Work to restore and improve Kaikōura’s roads and rail after the 2016 earthquake is practically finished, Transport Minister Michael Wood announced today. See rebuild video below.
Michael Wood along with Te Tai Tonga MP Rino Tirikatene, Kaikōura Mayor Craig Mackle, Te Rūnanga o Kaikōura Chair Hariata Kahu, and representatives from the North Canterbury Transport Infrastructure Recovery (NCTIR) Alliance held a ceremony to mark the departure of the Alliance from Kaikōura – exactly three years after State Highway 1 was reopened.
“I want to thank the nearly 9000 people who worked tirelessly on this project. They not only reconnected communities and businesses, they strengthened those connections,” Michael Wood said.
“Tunnels have been enlarged to help freight move easier, which will help the region’s economic recovery. The roads have been engineered up to be more resilient and safer, with wider roads and guardrails along the parts of the route to help save lives.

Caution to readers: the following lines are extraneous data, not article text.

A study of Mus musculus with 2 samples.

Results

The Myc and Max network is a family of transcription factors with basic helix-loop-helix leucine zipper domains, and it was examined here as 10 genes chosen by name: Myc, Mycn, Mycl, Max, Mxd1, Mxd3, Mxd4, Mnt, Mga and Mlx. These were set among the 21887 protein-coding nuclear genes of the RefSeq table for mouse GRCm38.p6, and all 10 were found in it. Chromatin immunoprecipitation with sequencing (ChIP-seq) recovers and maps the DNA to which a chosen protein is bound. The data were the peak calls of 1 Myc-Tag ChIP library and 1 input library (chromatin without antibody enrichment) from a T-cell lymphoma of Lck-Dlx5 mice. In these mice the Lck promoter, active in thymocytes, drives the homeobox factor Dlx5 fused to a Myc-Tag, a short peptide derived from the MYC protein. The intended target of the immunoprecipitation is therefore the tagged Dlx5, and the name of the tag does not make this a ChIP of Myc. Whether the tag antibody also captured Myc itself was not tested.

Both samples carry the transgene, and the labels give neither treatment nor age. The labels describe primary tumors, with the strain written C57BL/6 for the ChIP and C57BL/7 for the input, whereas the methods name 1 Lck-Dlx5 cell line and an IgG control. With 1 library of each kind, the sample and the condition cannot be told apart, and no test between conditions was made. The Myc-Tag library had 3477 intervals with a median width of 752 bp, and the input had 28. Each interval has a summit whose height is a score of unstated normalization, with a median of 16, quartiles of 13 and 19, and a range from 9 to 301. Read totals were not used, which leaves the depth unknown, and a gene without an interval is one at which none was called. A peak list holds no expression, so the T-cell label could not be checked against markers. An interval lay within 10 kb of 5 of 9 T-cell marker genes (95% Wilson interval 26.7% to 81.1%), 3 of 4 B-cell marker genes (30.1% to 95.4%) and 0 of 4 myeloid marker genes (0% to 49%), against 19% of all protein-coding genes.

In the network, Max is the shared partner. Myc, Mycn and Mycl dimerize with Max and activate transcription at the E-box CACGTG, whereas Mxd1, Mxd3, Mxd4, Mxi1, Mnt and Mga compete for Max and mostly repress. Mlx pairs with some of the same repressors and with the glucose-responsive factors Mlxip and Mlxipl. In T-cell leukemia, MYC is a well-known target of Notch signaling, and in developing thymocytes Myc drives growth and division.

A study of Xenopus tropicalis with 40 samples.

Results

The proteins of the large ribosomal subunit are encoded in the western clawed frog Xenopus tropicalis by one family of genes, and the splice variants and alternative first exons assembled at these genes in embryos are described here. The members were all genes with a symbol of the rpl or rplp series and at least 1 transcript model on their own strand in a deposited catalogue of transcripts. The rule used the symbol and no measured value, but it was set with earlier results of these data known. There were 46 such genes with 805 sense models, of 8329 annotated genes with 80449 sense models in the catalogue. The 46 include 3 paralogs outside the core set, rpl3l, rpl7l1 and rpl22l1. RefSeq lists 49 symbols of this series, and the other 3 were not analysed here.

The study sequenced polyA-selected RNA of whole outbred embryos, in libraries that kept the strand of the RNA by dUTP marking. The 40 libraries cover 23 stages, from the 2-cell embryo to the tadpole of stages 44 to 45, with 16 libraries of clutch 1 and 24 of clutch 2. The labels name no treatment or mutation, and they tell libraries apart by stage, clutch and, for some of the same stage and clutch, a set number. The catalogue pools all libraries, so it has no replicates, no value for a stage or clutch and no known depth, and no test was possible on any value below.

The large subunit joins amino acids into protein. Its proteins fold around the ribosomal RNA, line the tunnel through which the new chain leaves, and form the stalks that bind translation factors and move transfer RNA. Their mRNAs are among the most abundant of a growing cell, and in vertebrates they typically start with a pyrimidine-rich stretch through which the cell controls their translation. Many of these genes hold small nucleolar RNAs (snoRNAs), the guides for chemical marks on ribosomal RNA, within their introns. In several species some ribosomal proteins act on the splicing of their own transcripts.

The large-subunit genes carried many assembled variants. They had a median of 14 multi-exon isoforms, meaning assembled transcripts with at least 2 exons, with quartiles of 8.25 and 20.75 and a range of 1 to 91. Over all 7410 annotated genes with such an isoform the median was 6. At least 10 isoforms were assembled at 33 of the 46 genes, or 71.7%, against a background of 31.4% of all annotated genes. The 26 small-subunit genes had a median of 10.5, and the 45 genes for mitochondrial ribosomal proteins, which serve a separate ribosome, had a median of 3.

“The rebuild highlights the wider benefits of investing in infrastructure, which is part of our Government’s economic plan. The workers have bought more than 240,000 meals from Kaikōura cafes and restaurants, providing a boost to the local economy.
“I’d also like to thank the community for their patience and support for the rebuild. Only a small team will stay on in the New Year to complete a rockfall protection canopy south of Kaikōura – the first of its kind in the Southern Hemisphere,” Michael Wood said.
As part of the ceremony, a new Kaikōura town entry sign was unveiled and two tekoteko (carved pillars) were blessed. These were developed as part of an overall cultural artwork package at sites along the coast created in partnership with Te Rūnanga o Kaikōura to tell their stories of whakapapa and connection.
The NCTIR Alliance was established by Waka Kotahi NZ Transport Agency and KiwiRail along with Downer, Fulton Hogan, HEB Construction and Higgins. The $1.25 billion rebuild repaired and strengthened the road and rail network along the 60km between Clarence and Oaro, which was badly damaged in the November 2016 7.8 magnitude earthquake.